1. Jun 14, 2004 #1
    I have been told that radioactive decay, photon emission and absorption, and other such subatomic events are not deterministic. That besides leaving no clue as to when the event--say, decay--will take place, QM also has found that there IS NO initiating process that kicks off the event. In other words, decay events are uncaused. This, of course, goes beyond the mere inability to predict an event, but speaks to a very fundamental, and exceptionally unique character the subatomic world.

    My question then, is: Are such events at the subatomic level, such as radioactive decay, truly without cause, or is it still simply a matter of we don't or can't know the cause?
     

     
  4. Jun 15, 2004 #3
    All I can say is there is absolutely no reason for anything in the quantum world aside from what WE give it. So say a light beam takes two paths to two detectors before reaching only one and disappearing from the other. There was no reason for it to choose any one path. This means there was no cause and we could not predict it. But why can't it always go down one path by being random instead of interchanging? This would mean that if it did go down one path all the time WE could predict it. There would be a cause (but there isn't one - we only think there is. So somehow by viewing which path the light went down meaning WE think the light went down causes the light to go down the other path just to contradict our meaningful observation such that we could not predict it, and there would then be no reason which would contradict our common sense.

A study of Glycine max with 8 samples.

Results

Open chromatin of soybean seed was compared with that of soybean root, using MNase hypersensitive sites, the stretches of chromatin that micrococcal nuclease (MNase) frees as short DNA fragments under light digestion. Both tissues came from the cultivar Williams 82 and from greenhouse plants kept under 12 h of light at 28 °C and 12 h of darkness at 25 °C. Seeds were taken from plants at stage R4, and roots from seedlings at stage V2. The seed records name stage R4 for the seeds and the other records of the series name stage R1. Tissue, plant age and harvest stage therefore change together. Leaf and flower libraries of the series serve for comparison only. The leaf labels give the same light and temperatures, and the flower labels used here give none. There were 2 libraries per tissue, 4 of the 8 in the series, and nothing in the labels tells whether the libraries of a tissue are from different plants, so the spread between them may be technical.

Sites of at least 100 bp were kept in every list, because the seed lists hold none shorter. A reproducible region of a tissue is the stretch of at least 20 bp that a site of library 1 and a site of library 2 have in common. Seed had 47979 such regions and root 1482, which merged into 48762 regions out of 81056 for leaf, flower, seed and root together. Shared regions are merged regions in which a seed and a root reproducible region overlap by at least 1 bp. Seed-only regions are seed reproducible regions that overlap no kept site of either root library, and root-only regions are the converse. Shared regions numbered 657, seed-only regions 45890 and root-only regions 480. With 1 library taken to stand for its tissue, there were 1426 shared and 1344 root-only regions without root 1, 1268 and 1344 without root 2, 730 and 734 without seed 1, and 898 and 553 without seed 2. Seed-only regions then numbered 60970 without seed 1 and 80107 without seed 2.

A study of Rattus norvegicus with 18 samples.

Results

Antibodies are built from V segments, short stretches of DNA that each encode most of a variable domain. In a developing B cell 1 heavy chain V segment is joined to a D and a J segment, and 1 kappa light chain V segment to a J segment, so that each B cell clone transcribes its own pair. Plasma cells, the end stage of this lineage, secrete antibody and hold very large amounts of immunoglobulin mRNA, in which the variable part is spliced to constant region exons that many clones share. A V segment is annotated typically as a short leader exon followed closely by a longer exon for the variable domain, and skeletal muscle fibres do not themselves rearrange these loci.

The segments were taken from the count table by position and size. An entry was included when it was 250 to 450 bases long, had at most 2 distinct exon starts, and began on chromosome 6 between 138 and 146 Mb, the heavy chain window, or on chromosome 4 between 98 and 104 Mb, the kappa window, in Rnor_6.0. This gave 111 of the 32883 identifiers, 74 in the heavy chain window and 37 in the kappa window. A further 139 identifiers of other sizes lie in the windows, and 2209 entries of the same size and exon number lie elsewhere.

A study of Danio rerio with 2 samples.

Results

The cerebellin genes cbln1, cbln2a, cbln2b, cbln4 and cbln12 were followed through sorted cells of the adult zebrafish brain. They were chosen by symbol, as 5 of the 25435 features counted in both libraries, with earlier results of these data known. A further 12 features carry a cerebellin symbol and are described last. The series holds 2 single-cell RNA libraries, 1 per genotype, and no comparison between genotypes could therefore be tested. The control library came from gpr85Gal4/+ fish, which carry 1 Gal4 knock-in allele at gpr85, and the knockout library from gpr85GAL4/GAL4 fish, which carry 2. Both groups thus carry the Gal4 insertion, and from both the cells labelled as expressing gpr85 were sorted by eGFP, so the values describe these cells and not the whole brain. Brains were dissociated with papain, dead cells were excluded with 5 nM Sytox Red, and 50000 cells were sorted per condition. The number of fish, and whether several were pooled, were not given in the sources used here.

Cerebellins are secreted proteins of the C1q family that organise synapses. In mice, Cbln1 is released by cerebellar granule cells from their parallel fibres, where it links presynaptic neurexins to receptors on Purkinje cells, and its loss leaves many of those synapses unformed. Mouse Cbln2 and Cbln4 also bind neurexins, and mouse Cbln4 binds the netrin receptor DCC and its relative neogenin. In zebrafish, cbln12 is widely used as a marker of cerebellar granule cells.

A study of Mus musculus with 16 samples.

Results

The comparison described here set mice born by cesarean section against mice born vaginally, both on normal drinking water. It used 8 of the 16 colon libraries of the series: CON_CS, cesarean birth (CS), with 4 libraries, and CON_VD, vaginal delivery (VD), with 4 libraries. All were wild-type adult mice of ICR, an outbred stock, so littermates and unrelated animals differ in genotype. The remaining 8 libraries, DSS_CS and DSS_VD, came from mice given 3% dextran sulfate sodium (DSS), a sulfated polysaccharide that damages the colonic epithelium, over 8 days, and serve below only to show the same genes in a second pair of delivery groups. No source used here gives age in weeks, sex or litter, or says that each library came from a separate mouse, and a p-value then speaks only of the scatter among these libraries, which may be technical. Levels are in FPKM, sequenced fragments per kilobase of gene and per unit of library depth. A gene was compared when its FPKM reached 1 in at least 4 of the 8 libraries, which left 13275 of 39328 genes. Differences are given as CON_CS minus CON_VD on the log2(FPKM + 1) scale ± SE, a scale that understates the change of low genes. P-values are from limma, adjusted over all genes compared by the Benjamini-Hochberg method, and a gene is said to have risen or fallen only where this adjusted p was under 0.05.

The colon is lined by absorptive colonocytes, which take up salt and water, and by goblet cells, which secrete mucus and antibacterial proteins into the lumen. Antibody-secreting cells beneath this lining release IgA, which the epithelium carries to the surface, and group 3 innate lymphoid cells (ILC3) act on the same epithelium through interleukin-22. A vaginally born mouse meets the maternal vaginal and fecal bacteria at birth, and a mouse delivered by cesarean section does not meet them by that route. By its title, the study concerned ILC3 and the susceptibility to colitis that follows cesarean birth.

5. Jun 15, 2004 #4
  6. Jun 17, 2004 #5
    Is Stimulated Emission Deterministic?

    while sometimes an atom will emit a photon spontaneously, an atom can also be induced (or 'stimulated') to emit a photon.

    If I understand correctly, this is also a statistical thing. Under the right conditions, the number of atoms that emit photons will be higher than you would normally expect, so we say that some fraction of the radiation is "stimulated". But I don't think you can point to one particular atom and say, 'that one radiated spontaneously', and 'that other one was stimulated'. You can't even predict beforehand which ones will emit at all.
     
    Last edited: Jun 17, 2004
  7. Jun 18, 2004 #6
    It is true that we cannot say when an atom will emit a photon, because it is a statistical process. However, the photons atoms emit stems from the excitation of electrons into higher "orbits". We can see if the atom has a free lower "orbit" and so it is a matter of time when the electrons jumps.

    We cannot see on an atom if it was stimulated or spontaneously excited.

    I firmly believe that this uncertainty is a truly fundamental part of our universe.